PRIMARY school children are being educated about when they should call 999 thanks to a novel project by the ambulance service.

Fairy tales such as Snow White and the Seven Dwarfs, Sleeping Beauty and Hansel and Gretel have been given a modern twist in a new book, written by Matthew Owen and illustrated by Emmeline Pidgen, which will be available to primary school children across the region.

Paramedics are visiting primary schools across East Lancashire to talk about the initiative, while lesson plans are available for teachers who want to introduce their pupils to the scheme.

The concept comes after the North West Ambulance Service revealed it received more than one million 999 calls last year, with over a third of those being non-emergency situations.

This included calls about slips and falls, stomach pains and backache, as well as stubbed toes and hiccups.

Via the book, Happily Ever After, the service is trying to educate children on which scenarios are considered to be an emergency in a bid to reduce the number of non-emergency callers and help people understand where else they can get help.

The book sees classic characters such as Snow White in scenarios that require emergency attention, whereas Sleeping Beauty deals with the prince having a seizure by dialling 111.

Ged Blezard, director of operations at the ambulance service, said: “Calls to the ambulance service increase year on year, however of the 1.3 million calls made last year, only 10 per cent were actually for immediately life-threatening incidents.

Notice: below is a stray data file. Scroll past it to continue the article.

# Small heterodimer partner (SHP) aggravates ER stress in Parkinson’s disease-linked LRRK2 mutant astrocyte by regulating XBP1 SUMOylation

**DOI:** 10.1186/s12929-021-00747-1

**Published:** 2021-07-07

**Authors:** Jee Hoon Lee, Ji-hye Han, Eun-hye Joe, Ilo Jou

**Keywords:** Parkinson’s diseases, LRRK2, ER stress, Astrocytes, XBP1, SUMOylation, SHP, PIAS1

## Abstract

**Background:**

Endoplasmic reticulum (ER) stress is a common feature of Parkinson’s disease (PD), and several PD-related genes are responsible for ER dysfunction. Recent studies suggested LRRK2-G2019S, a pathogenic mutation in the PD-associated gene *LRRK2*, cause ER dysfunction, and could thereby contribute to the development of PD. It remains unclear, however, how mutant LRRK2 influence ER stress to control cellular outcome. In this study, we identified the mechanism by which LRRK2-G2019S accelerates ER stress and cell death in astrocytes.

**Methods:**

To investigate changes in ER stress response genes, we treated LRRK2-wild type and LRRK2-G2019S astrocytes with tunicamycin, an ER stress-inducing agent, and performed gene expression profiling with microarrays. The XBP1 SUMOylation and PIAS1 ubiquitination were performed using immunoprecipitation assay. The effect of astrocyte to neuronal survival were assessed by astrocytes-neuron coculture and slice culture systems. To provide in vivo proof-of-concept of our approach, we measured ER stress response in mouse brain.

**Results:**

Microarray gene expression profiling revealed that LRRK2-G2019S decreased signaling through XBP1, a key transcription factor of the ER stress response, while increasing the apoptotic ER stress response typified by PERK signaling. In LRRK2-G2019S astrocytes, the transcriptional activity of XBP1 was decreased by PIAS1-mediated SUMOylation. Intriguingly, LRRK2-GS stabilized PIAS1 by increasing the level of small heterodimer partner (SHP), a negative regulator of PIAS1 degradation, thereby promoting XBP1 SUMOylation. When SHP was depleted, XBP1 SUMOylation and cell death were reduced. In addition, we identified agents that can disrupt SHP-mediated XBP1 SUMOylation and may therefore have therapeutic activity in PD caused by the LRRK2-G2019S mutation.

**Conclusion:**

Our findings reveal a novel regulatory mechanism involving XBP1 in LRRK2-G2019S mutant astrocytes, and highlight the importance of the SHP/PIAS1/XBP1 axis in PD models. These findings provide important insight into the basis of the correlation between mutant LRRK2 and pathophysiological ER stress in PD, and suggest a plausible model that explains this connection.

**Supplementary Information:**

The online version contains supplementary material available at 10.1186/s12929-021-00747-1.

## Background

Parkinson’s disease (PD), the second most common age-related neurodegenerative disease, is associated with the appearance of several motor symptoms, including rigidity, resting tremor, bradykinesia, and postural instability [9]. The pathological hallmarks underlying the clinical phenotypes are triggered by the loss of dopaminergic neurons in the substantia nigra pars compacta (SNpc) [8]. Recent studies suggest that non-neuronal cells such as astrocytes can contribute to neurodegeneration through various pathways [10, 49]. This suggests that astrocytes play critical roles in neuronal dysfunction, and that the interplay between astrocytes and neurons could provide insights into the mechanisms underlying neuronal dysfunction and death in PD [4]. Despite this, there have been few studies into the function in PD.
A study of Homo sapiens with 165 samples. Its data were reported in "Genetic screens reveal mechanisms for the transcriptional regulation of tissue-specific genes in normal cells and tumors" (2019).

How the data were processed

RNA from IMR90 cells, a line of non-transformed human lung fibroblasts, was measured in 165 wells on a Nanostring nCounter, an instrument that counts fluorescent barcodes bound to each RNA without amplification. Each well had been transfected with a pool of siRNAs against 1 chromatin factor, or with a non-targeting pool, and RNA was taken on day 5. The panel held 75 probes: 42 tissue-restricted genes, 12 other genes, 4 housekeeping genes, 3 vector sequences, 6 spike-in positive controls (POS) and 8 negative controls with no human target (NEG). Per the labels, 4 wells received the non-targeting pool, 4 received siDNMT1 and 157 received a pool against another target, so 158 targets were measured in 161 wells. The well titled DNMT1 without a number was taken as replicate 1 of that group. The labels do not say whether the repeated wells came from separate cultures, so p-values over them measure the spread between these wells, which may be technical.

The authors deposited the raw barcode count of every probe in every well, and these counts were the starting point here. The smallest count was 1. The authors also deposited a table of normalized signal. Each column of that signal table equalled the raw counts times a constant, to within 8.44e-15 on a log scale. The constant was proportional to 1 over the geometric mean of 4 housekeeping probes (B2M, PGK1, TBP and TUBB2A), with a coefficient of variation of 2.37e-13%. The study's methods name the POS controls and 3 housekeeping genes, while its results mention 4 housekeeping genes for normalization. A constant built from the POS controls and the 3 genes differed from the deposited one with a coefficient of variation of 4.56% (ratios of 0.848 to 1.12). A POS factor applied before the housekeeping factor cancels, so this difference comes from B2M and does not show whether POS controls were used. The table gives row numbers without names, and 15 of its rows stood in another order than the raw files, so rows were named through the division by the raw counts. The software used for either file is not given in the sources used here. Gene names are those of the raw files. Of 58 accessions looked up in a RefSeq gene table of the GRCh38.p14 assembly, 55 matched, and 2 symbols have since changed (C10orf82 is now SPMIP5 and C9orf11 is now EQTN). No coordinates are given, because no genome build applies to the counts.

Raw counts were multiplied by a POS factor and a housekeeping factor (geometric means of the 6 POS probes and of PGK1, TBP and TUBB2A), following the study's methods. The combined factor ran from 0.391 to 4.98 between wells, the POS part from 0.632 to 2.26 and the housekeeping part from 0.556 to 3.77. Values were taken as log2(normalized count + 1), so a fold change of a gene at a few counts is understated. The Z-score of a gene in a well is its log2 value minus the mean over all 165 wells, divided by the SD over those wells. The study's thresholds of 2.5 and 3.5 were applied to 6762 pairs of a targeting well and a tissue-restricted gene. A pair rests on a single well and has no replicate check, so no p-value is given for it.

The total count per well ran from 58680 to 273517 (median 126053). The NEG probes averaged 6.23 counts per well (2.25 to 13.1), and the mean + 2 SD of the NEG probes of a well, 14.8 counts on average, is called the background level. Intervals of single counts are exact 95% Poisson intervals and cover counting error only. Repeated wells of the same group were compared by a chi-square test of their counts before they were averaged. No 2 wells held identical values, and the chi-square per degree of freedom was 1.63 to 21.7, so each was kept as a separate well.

“There is clearly a need to educate the public on what constitutes an emergency situation, and what better way to connect with children than to turn the old fairy tales we all know and love into stories we can all learn from?

“The book is filled with beautiful pictures and engaging stories which will hopefully stay with children throughout their lives and help them make the right decisions in future.

“By educating children early on, we hope to provide them with the knowledge they need to act responsibly and with due care should they ever find themselves in an emergency.”

Typical examples of a life-threatening emergencies include a cardiac arrest, loss of consciousness, a confused state, fits that aren’t stopping, chest pain and breathing difficulties.

For medical help when it is not an emergency, go to or call NHS 111.